In the play Macbeth by William Shakespeare, I need help finding a tragedy, using lines from the book, and then explaining how it is a tragedy. I also need help finding a tragic hero, using lines...

In the play Macbeth by William Shakespeare, I need help finding a tragedy, using lines from the book, and then explaining how it is a tragedy.

I also need help finding a tragic hero, using lines from the book, and then explaining how it is a tragic hero.

Finally, I need help finding a tragic flaw, using lines from the book, and then explaining how it is a tragic flaw.

Thanks for the help in advance!!

Expert Answers
mwestwood eNotes educator| Certified Educator

1. The question is asking for a tragedy? The entire play of Macbeth is a tragedy. Perhaps the statement of the renowned Shakespearean critic Harold Bloom may serve to answer this question. Macbeth is "a tragedy of the imagination." As support for this statement, there are lines that convey Macbeth's tragic descent into the horror of his own imaginings--"Nothing is what is not" (1.3). Macbeth is barely aware of a desire or an ambition before he sees himself as already having performed the act. For instance, after the three witches hail him as Thane of Cawdor and then tell him he will be king, Macbeth reveals his thoughts in an aside:

                           I am Thane of Cawdor:
If good, why do I yield to that suggestion* 
Whose horrid image doth unfix my hair
And make my seated heart knock at my ribs. (1.3.137-140) 

                          [suggestion=the thought of killing King Duncan]  

So, he already imagines himself killing Duncan in order to become king. This tragedy of his imagination leads Macbeth into his madness as he sees ghosts and is tortured by his paranoia that someone else will take the crown from him once he does become king. This paranoia and fear lead to Macbeth's tragic death as he rushes out to the moving forest and is killed by Malcolm.

2. Macbeth is initially a hero, but he becomes a hero-villain as he turns down a path of murderous activity. He is tragic because he allows his ambition and imaginings to control him. 
An example of his heroism is found in Act I, Scene 2 as the sergeant describes the bravery and valor of Macbeth in battle:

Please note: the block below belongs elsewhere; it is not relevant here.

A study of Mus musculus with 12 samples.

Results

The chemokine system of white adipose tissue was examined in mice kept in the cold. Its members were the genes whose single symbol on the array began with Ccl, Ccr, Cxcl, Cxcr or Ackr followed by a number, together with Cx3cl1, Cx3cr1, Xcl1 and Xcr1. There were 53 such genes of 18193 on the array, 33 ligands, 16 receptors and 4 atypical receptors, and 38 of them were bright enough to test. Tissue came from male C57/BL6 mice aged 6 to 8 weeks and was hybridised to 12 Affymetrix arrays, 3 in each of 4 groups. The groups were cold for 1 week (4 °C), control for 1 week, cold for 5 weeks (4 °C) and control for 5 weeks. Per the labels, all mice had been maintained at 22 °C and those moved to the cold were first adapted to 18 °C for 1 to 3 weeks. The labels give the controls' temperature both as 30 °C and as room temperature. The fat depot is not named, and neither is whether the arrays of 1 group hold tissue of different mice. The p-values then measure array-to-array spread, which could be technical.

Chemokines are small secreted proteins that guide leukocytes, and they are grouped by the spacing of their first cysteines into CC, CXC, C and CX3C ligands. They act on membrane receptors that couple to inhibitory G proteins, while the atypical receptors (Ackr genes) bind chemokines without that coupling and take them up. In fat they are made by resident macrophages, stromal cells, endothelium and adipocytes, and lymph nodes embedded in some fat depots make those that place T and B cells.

For brave Macbeth—well he deserves that name—
Disdaining fortune, with his brandished steel,
Which smoked with bloody execution,
Like valor’s minion carved out his passage....
Till he unseamed him from the nave to th' chops,
And fixed his head upon our battlements. (2.1.15-23)
Macbeth impelled by his tragic flaw of "vaulting ambition" and his imaginings lead him to murderous acts. For instance, after Macbeth becomes king, he worries that Banquo, to whom the witches promised that his sons would be kings, will threaten his reign as king. So, in his driving ambition to remain king, he decides to have Banquo killed as well as his son Fleance. Therefore, in Act III, Scene 1, he speaks to two of his henchmen, telling them Banquo is their enemy and contracting with them to kill Banquo:
The moment on ’t; for ’t must be done tonight,
And something from the palace; always thought
That I require a clearness. And with him—
To leave no rubs nor botches in the work—
Fleance, his son, that keeps him company, (3.1.136-140)
However, after the murder of Banquo, Fleance manages to escape. Further, in his paranoia Macbeth fears that something or someone will retaliate against him. This fear and horror at his terrible acts leads Macbeth to see the ghost of Banquo, making him all the more tragic. 
3. Macbeth's tragic flaw is his inordinate ambition. In the seventh scene of Act I, Macbeth and his wife have decided that it is an opportune occasion for them to kill Duncan while he is a guest at their castle. But, Macbeth has some misgivings about murdering his king as he worries that there may be consequences. Added to this, Duncan is his kinsman and has been a good ruler. 
If it were done when 'tis done, then 'twere well
It were done quickly. If th'assassination
Could trammel up the consequence, and catch
With its surcease, success....(1.7.1-4)
First, as I am his kinsman and his subject,
Strong both against the deed; then, as his host,
Who should against his murderer shut the door,
Not bear the knife myself. Besides, this Duncan
Hath borne his faculties so meek, hath been
So clear in his great office, that his virtues
Will plead like angels, trumpet-tongued....(1.7.13-19)
                                 I have no spur
To prick the sides of my intent, but only
Vaulting ambition, which o'erleaps itself
falls on th'other--(1.7.25-28) 
Macbeth's inordinate ambition is a tragic flaw because it leads to his moral destruction and death because although he has murdered Duncan and Banquo, he is still fearful that someone else may threaten his kingship. He has been so murderous and tyrannical that Malcolm returns to assassinate him.
Additional Source: Bloom, Harold. Shakespeare: The Invention of the Human.                            New York: Riverhead Books, 1998. Print.